The Huntsville Public Library last year provided services to more than 104,000 visitors, and that figure is up 300 percent since 1994. The population in Walker County has grown from 29,000 in 1970 to 64,000 in 2005. But one thing has not changed — the library’s square footage. The library has remained in the same 7,000 square foot building at 1216 14th St. since its erection in 1967. But as the general collection grows, computers stations are brought in and the library’s renowned genealogy collection continues to draw library users, the public’s space for children’s programs, group meetings and adult literacy education is shrinking.

“We are stuffed like sardines into the present facility,” said Robert Vann, president of the library board. “In reality, the library was supposed to be a multi-use facility ... a cultural center where all manner of things are available to the public.”

Vann will speak to Huntsville City Council tonight at 6 p.m. and will present a slideshow illustrating the over-extended building.

Tonight’s presentation to council is one way library board members and staff hope to get some attention.

“We are trying to get someone to make us a priority. We want to take the first step forward,” said library services director Linda Dodson. “We would begin with a needs assessment and document the problems we’re facing in the building and other problems library staff may not be aware of, such as foundation or structural things.

“Then we would set up a committee to look at our options; whether we want to add on or move to a new location.”

Children’s activities are probably disrupted the most, agreed Vann and Dodson. In 1994, 65,045 children utilized the library, and that number rose to 87,010 in 2004.

“I don’t have the numbers for 2005 because with the growth, we can no longer sustain the space we have,” Vann said. “Children’s programs are basically one of the key parts of the library because if they learn to be library users as children, they are more likely to do so as adults.

“We cannot put on successful programs if we cannot fit all the kids.”

In 2005, two children’s programs were held in the Old Town Theatre, drawing more than 200 people each time.

Typically, public libraries offer a special place for children, complete with comfortable chairs, reading nooks and interactive learning activities. Because Huntsville’s population is outgrowing the library, all those things have been packed away in storage.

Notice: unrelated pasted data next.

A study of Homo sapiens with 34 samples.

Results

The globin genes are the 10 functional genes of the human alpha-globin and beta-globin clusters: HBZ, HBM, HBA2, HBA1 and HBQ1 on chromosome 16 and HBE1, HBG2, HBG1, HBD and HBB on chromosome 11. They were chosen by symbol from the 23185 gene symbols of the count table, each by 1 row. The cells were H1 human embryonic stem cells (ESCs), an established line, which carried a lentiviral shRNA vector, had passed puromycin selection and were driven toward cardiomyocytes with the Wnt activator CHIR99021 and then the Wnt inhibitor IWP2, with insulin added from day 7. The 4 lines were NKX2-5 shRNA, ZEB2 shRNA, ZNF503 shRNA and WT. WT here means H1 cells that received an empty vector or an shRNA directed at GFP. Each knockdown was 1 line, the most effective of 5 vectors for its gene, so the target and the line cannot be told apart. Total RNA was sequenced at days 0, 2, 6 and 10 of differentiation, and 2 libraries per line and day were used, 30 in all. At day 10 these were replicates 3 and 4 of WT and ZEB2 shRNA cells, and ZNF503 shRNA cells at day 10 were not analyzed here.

“It takes something away from the library when we have a library event and can’t have it here,” Dodson said. “We just don’t have the space.”

But other areas of the library also have suffered, including the widely-used reference collection.

“In the past, we had two different biography sets,” Dodson said. “We have had to really look at the collection and say, ‘Do we need this much?’ Although they are a valuable tool, we are looking at cutting our encyclopedias down. We typically have three sets.”

Dodson said the city has never “kicked at” budgets for books or other collection-related expenses, and that has allowed much of the library’s services to be electronically catalogued or made available to users to take home. One example are the Learn a Test series which enable people to study for SATs, GEDs or other tests with computer software.

“Some things we don’t want to put on the computer and we get in a bind sometimes. You just have to make those hard choices,” Dodson said. “We were at a point not too long ago that if we put a book on the shelf, we had to take another one off. We’ve also begun weeding the collection, which was something that needed to be done anyway. But we do come across those things we need to keep and have no room for.”

Dodson said the library is providing more services than ever expected in the late 1960s. Computers are a big draw, and not just for fun and games. In 1999, the first computers were brought on site and 4,070 people logged on. In 2005, nearly 38,000 people utilized the work stations, logging more than 50,000 hours of usage.

“You also have to remember that 2005 was the year of the hurricanes, and we had a lot of evacuees using these computers to fill out FEMA forms, check banking online and connect with family members,” Vann said.

The growing genealogy room is another well-utilized library resource, providing the local genealogy society and public users with tools to trace the past. The collection includes many first-edition resource books and is valued around $300,000.

“We have no meeting space, though,” Vann said. “The genealogy society cannot even meet here, and the library board of only seven people cannot meet because there is just not enough space.”

Parking is another concern. The library shares space with other city entities (HEAP and Fire Station No. 2), leaving 43 spaces up for grabs.

“We want people to understand that the library is an amenity to the community,” Dodson said. “Families move to places that have strong services, including a good public library.”

A building fund has been set up with the help of the Huntsville Book Review Club’s recent $1,000 donation to the library, and Dodson said the first showing of interest has boosted spirits as well as gotten the fundraising off the ground.

“This is just so important to us,” she said. “It’s an indication that we can begin to do something, and we appreciate it very much.”

To make a donation to the building fund, contact the library at (936) 291-5470 or mail a check made out to Huntsville Public Library Friends, Inc. 1216 14th Street, Huntsville, Texas, 77340.